Tate Modern security guard, 54, who slipped on a puddle and landed on his backside is suing gallery for £1million after being left ‘virtually housebound’
- Fiaz-Ur-Rehman Butt slipped and fell down some steel steps at the Tate Modern
- The 54-year-old security guard landed on his backside after the August 2014 fall
- Mr Butt said he was unable to return to his security guard role due to the pain
- His legal team claimed he is now virtually housebound due to his injuries
A Tate Gallery security guard who fell on his backside at work is now suing for more than £1m compensation.
Fiaz-Ur-Rehman Butt says he has been left ‘virtually housebound’ because of injuries he suffered when he slipped in a puddle, fell down some stairs at the Tate Modern Gallery, and ‘ended up on his bottom’.
Although the 54-year-old was able to return to ‘sedentary’ work after the August 2014 accident, he says he found himself racked by pain, and left his job in January 2016.
Fiaz-Ur-Rehman Butt claims he suffered major injuries after slipping and falling while working as a security guard at the Tate Gallery, left, in August 2014. Central London County Court heard Mr Butt was left in constant pain and was unable to return to his former role
The court heard liability for the accident is not an issue, however the Tate Gallery are contesting the level of compensation being sought by Mr Butt’s legal team
Mr Butt is now suing the Board of Trustees of the Tate Gallery over the effects of his fall.
Liability for the accident is ‘not in issue’, Central London County Court heard, but the Tate Gallery is disputing the amount of compensation claimed, with its lawyers challenging the scale and nature of Mr Butt’s injuries.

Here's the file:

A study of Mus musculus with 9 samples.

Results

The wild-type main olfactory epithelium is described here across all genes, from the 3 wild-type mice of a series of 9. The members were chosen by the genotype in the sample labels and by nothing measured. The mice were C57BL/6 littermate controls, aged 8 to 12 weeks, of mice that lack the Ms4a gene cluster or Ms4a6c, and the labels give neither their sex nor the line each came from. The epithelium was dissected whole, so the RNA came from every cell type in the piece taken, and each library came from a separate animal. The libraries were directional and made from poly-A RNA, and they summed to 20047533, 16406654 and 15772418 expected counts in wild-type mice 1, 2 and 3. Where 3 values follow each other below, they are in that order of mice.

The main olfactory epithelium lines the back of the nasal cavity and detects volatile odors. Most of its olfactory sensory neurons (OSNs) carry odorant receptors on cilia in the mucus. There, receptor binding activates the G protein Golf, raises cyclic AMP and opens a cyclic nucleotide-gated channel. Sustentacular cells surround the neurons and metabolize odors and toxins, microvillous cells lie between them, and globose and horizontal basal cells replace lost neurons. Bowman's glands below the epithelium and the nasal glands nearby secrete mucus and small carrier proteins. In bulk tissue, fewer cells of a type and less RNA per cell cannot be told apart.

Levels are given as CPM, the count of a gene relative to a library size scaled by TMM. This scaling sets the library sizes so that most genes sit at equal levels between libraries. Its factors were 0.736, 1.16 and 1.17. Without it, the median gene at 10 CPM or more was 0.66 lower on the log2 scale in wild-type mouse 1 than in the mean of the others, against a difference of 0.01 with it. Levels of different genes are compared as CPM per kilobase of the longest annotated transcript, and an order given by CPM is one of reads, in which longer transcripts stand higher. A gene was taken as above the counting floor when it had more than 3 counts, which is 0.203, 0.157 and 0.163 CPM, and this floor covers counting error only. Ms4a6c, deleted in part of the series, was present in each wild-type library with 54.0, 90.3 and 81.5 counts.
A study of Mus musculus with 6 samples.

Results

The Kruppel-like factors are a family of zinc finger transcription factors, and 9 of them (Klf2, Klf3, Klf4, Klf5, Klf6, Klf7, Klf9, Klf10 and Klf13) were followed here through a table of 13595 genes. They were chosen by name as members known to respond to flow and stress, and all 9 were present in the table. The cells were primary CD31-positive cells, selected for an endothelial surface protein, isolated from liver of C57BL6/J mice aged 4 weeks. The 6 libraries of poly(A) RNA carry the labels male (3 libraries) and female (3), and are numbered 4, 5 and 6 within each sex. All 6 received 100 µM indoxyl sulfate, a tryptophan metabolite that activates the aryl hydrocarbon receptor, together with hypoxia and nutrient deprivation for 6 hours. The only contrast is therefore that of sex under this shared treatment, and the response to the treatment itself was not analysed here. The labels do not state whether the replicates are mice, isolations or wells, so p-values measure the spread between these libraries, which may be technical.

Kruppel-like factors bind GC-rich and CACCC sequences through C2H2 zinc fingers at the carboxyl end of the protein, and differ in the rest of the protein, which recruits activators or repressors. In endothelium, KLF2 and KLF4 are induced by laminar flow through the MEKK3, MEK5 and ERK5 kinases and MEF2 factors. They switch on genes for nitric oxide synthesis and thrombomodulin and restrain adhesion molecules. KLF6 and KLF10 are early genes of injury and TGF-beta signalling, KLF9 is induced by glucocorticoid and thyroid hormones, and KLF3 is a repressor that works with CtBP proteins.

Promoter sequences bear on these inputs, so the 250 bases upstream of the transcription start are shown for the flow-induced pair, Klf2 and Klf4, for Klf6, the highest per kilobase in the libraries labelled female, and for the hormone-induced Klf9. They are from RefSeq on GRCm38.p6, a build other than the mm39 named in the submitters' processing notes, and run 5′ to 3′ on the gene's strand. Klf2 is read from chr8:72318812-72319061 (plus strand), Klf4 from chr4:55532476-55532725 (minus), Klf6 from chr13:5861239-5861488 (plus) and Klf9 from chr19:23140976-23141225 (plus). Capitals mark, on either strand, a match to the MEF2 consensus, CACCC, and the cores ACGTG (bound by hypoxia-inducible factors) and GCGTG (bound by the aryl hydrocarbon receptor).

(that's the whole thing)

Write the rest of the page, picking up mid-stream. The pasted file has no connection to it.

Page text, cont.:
Mr Butt’s lawyer Melanie Neale told Judge Janet Lambert: ‘Our case is that here is a person who before the accident was a hard-working gentleman who worked as a security guard.
‘But he now finds himself unable to work; he is looked after by carers and is no longer able to enjoy life,’ she added.
He came to grief when he slipped on a patch of liquid and toppled down some steel steps, said Miss Reade, adding: ‘He ended up on his bottom’.
Mr Butt was left with acute back and bladder problems, as well as chronic pain in his legs, the court heard.
He was employed by the security firm Wilson James at the time, but worked at the Tate.
The once fit and dynamic man says he now barely leaves his home due to his condition, which his lawyers say may have a physical or psychological cause.
But Perry Hill, the Tate Gallery’s lawyer, highlighted a report from a surgeon who ‘could not identify any evidence that Mr Butt had suffered a significant spinal injury’.
‘His own medical experts pose serious questions about whether his claim has any physical cause,’ he added.
Mr Hill said the gallery had left ‘no stone unturned’ in investigating the cause of his disability – even considering ‘the possibility that he may be a malingerer’.
‘This accident has rendered him completely unable to work and, on his own evidence, virtually unable to leave the house – completely housebound,’ remarked Mr Hill.
At a pre-trial hearing Judge Lambert, declined the Tate Gallery’s bid to call fresh evidence from some of Mr Butt’s work colleagues.
‘His credibility is plainly in issue,’ she said.
‘But whether he suffers from some physical or recognised psychiatric disorder as a result of his fall down the stairs is a matter for medical opinion, and for the trial judge to decide on the basis of medical opinion.
‘The matters in issue are whether he suffers from a physical or psychiatric injury. None of these witnesses can give any relevant evidence on these matters.’
The case is now set to return to court at a later date.